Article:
Albert Clayton Gaulden put himself through the wringer in this lifetime. He lived not only to tell the tale, but to write about it in his You're Not Who You Think You Are: A Breakthrough Guide to Discovering the Authentic You. I'm very grateful I read his book.
A student of Vedanta, Gaulden is the founder of the well-known Sedona Intensive, an alternative therapy program that people from all walks of life swear by. I've not taken the training, but if his book is any indication, it's tough, and it works.
The authentic self is a bugaboo for a lot of folks in the spiritual life. Gaulden grabs it by the horns and wrestles it into clarity. He proposes eight stages of development for those of us who seek to be authentic in this crazy world.
I so appreciated his take on the ego that I wrote "Bravo!" in the margin. Ego, he says, is to be integrated into the person through love. Hallelujah! A spiritual teacher who does not vilify that sorely rejected aspect of self, the ego. Ego, dear one, means simply "I am," and without one, life here would be unbearable.
Ego is to be loved, and guided, and poked and prodded and investigated to bring light to its shadow. That's all. It's not some monster that lives inside one--unless we make it a monster. Then, it can kill us with one glance, like a basilisk.
Ego must be led by the Divine in each of us. "Embrace your ego," Gaulden writes, and begin a conscious relationship with him/her (and we all have both inside us!). "Stop blaming your ego, and sit down and talk." Develop a dialogue so that High Self can guide ego.
This is actually how the human structure was originally designed, according to Charles Fillmore, co-founder of Unity. Ego was meant to be a follower, not a leader.
"The ego can either be fed or faced." We get to choose, and once we choose to face the ego, a whole, new, inner world opens to us. "The unredeemed ego is what keeps us connected to the never-ending karmic cycles." Playing out the same scenes over and over again simply with different characters, until we, ourselves, get the learning. Or, as Gaulden would have it, "remembering."
His stage two suggests that we have to decide if there's a god or not. Once we do, and he highly recommends the choice that there is a god, then we get to interact with It. Stage three is coming out of the darkness into the light. Stage Four takes us into the world of Karmic Mirrors. We have to accept our karma in order to change it. "Change starts with forgiving yourself and the making of amends with those you have hurt."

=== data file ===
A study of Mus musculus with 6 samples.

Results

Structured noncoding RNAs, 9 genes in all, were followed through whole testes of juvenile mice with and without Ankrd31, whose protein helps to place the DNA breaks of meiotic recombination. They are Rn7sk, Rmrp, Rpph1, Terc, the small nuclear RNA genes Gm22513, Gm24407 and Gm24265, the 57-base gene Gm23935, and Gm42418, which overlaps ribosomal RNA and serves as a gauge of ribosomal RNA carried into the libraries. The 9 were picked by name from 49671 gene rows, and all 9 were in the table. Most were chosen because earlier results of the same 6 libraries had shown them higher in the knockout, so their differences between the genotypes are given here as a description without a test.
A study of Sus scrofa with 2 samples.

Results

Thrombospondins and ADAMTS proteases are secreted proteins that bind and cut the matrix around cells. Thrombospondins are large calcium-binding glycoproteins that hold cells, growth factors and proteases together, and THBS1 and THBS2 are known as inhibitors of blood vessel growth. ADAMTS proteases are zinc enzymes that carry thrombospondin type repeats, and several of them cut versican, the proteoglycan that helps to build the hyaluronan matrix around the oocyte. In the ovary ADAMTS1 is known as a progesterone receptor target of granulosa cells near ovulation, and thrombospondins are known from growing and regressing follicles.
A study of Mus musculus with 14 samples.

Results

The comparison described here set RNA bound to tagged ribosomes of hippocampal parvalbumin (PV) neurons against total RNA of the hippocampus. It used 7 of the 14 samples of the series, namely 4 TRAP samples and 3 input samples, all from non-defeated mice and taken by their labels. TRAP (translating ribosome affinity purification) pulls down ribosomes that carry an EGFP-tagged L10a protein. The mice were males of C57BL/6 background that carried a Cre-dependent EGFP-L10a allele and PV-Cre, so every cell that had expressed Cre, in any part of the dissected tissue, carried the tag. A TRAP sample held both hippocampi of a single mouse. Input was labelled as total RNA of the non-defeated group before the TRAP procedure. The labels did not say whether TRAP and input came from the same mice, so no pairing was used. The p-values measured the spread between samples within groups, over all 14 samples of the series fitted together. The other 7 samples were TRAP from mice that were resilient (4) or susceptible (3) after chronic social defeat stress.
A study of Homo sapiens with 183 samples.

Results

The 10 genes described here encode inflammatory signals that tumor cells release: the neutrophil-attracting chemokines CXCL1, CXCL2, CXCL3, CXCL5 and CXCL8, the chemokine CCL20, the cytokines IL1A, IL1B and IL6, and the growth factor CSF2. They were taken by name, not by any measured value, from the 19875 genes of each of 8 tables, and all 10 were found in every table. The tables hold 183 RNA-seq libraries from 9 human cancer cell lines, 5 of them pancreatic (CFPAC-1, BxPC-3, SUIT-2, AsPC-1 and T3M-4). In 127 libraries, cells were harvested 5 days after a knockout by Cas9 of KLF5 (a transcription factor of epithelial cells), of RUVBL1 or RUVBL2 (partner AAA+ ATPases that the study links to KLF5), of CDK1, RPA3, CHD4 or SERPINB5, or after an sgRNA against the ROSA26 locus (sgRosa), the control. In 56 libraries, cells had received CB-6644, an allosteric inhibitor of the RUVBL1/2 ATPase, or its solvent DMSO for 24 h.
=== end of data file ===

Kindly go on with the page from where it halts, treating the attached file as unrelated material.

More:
His further stages take us deeper and deeper into knowledge of self and the action of service. He asks the question: Am I my brother's keeper? And he answers it, "Yes." Through love and service, we live into our authentic selves, which is what we're all doing here anyway.
Finally, he takes us where we all need to end up. All you need is love. He writes, "I experience so many different kinds of love: courtly love, erotic love, familial love, free love, platonic love, puppy love, religious love, romantic love, unrequited love. Then there is the love of God."
Earlier, Gaulden writes, "Every soul has a resonance with God. The divine frequency is reactivated initially by remembering what harmony and peace feel like." And that's the key. No matter how much travail, no matter how much pain, no matter how much recovery, it's all worth it because harmony and peace are the result.
Read Albert Clayton Gaulden's book, but be forewarned. If you take it to heart, you will change and your world will change with you.